Japanese Government is at Odds With Itself Over Sales Tax Hike

It isn't just the United States that is in the constant midst of tax reform debates. Across the Pacific, the Land of the Rising Sun is going through an internal struggle/debate over whether to raise its sales tax amid a slowing economy with substantial national debt. Japanese Prime Minister Shinzo Abe wants to raise the national sales tax from 5% to 8% in April and then to 10% in October 2015.

New Jersey Close to Revamping Tax Credit System

The Garden State is close to enacting a new law that would totally reshape the tax credit system for businesses. The current system has five tax incentive programs in place while the new system would only have two. This slimming down is actually better for business-they will have more opportunities to get tax credits with lower investing requirements.

More on misclassification of workers: state unemployment taxes

We've been following the issue of worker classification closely in this blog. As we discussed in our August 22 post, a new law will take effect in Texas next year regarding the consequences to employers for the wrongful misclassification of employees. 

The Cost of Taxing Foreign Income

United States citizens must pay tax to the U.S. government on income earned anywhere in the world. This comes as a surprise to some U.S. taxpayers who are confused about how the U.S. could have the right to levy taxes and acquire so much information on money that, in some cases, has no connection to the U.S. other than the fact that it is earned by a U.S. taxpayer. These same taxpayers are equally surprised to learn that the U.S. laws concerning the reporting of their income in foreign countries are very strict and the related penalties, draconian.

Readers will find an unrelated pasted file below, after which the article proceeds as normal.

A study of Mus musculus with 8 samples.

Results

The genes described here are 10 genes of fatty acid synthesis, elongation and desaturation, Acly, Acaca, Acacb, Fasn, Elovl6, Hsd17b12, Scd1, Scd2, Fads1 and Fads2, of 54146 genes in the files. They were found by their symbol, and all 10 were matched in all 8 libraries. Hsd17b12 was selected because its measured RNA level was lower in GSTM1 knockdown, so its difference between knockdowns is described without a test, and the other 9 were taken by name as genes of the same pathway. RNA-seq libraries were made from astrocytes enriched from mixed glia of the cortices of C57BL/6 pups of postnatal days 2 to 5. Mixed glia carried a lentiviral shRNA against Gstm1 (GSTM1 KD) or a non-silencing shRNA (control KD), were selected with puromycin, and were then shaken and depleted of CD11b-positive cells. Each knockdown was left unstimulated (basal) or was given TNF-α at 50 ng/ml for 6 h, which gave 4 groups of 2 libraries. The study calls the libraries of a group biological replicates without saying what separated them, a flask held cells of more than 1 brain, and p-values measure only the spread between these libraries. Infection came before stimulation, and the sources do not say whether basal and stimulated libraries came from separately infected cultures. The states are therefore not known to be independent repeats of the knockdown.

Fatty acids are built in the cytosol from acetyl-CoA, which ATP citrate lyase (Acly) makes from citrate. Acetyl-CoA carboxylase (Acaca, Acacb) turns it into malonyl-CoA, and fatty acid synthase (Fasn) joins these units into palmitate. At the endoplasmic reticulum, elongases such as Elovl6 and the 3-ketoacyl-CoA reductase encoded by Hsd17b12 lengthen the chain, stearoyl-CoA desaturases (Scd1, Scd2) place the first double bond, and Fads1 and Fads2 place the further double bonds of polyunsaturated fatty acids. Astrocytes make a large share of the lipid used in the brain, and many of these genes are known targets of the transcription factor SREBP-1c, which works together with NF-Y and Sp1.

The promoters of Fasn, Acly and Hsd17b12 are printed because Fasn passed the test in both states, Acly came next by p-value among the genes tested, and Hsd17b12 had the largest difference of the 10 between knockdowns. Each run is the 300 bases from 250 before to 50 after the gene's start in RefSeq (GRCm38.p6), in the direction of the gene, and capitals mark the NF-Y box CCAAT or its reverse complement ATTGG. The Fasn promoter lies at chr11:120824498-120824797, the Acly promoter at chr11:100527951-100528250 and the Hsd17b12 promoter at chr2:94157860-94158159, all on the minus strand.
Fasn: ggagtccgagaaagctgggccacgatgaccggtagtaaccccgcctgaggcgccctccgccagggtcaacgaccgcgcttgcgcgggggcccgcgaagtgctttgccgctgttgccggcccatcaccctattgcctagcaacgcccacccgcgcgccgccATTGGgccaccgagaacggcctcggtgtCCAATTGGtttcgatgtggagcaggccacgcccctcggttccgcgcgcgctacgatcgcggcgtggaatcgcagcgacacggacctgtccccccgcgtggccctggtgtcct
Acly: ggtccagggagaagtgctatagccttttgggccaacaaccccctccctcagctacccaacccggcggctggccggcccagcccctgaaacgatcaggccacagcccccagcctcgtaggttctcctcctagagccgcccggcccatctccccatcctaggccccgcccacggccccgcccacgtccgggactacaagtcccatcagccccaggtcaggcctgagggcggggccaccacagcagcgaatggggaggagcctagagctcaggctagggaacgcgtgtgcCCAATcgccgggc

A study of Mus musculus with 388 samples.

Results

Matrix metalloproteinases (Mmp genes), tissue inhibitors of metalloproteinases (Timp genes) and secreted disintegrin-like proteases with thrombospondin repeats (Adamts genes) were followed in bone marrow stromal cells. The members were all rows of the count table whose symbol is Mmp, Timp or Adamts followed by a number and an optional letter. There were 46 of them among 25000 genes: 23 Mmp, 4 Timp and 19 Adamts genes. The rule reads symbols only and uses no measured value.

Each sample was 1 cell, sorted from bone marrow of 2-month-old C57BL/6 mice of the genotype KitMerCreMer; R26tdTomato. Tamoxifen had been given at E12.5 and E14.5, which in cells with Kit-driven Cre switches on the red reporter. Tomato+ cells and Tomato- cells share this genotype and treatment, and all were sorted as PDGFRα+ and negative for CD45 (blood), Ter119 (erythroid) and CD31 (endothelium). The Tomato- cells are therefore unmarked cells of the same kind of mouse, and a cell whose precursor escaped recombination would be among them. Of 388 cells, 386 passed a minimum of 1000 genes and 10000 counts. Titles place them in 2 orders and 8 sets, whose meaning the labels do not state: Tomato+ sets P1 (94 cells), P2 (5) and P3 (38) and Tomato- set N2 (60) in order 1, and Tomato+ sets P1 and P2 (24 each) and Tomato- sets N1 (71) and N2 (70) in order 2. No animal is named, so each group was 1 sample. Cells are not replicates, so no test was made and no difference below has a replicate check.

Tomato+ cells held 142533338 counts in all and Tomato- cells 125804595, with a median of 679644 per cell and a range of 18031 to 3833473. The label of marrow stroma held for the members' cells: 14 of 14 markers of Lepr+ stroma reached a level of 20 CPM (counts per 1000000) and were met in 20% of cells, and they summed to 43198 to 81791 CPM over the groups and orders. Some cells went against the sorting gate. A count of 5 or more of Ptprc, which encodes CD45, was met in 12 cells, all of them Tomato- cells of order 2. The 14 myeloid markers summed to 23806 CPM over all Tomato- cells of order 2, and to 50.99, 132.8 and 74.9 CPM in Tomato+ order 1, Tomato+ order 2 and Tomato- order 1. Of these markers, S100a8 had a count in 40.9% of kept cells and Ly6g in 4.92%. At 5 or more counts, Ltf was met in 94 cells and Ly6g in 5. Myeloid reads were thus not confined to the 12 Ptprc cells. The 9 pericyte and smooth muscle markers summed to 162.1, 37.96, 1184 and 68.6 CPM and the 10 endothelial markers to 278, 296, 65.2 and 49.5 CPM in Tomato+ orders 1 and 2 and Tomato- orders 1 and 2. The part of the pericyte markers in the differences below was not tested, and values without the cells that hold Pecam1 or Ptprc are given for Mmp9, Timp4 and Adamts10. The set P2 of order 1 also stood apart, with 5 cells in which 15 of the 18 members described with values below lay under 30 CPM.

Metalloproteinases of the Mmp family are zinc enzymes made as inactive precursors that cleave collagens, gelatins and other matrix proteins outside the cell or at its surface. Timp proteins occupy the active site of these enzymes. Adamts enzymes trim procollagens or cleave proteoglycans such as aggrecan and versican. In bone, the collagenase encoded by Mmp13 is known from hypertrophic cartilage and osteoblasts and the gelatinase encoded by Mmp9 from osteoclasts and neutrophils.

Main Bitcoin Trade Group Meets with Major U.S. Regulators and Law Enforcement Agencies

Last week, the main Bitcoin trade group met with multiple U.S. regulatory and law enforcement agencies to address questions and concerns they have over the role of the virtual currency in financial markets. Bitcoin has been under increased scrutiny as of late for being the most popular of virtual currencies, currencies that are not backed by any government central bank. This has allowed many criminal organizations to use the currency to funnel funds illicitly without being traced. It has also proven to be difficult to tax due to its anonymous nature.

Richmond, California's Eminent Domain Move has Tax Consequences That Could Derail the Plan

In early August, Richmond, California decided to use a highly controversial method to aid homeowners who are underwater on their mortgages: eminent domain. Eminent domain, a power reserved to the federal government in the Fifth Amendment, is the taking of property by the government for "public use" with just compensation for the one whose property is taken. The federal government has allowed states to use eminent domain and those states in turn have allowed their municipalities and counties to wield the power as well.

Tax Reform in 1986 and Tax Reform Now: What's the Difference?

Back in the early 1980s, high unemployment, severe credit issues, and high gas prices crippled the economy. Talk of major tax reform ensued in order to alleviate the growing number of problems that the U.S. faced. Sound familiar? That's because, as so far described, the scenario of the early 1980s seems very similar to what has been going on in the current economic crisis. The difference? For one, tax reform became a reality in 1986, but at least according to one article in the Wall Street Journal, it is unlikely to happen again in 2013-14.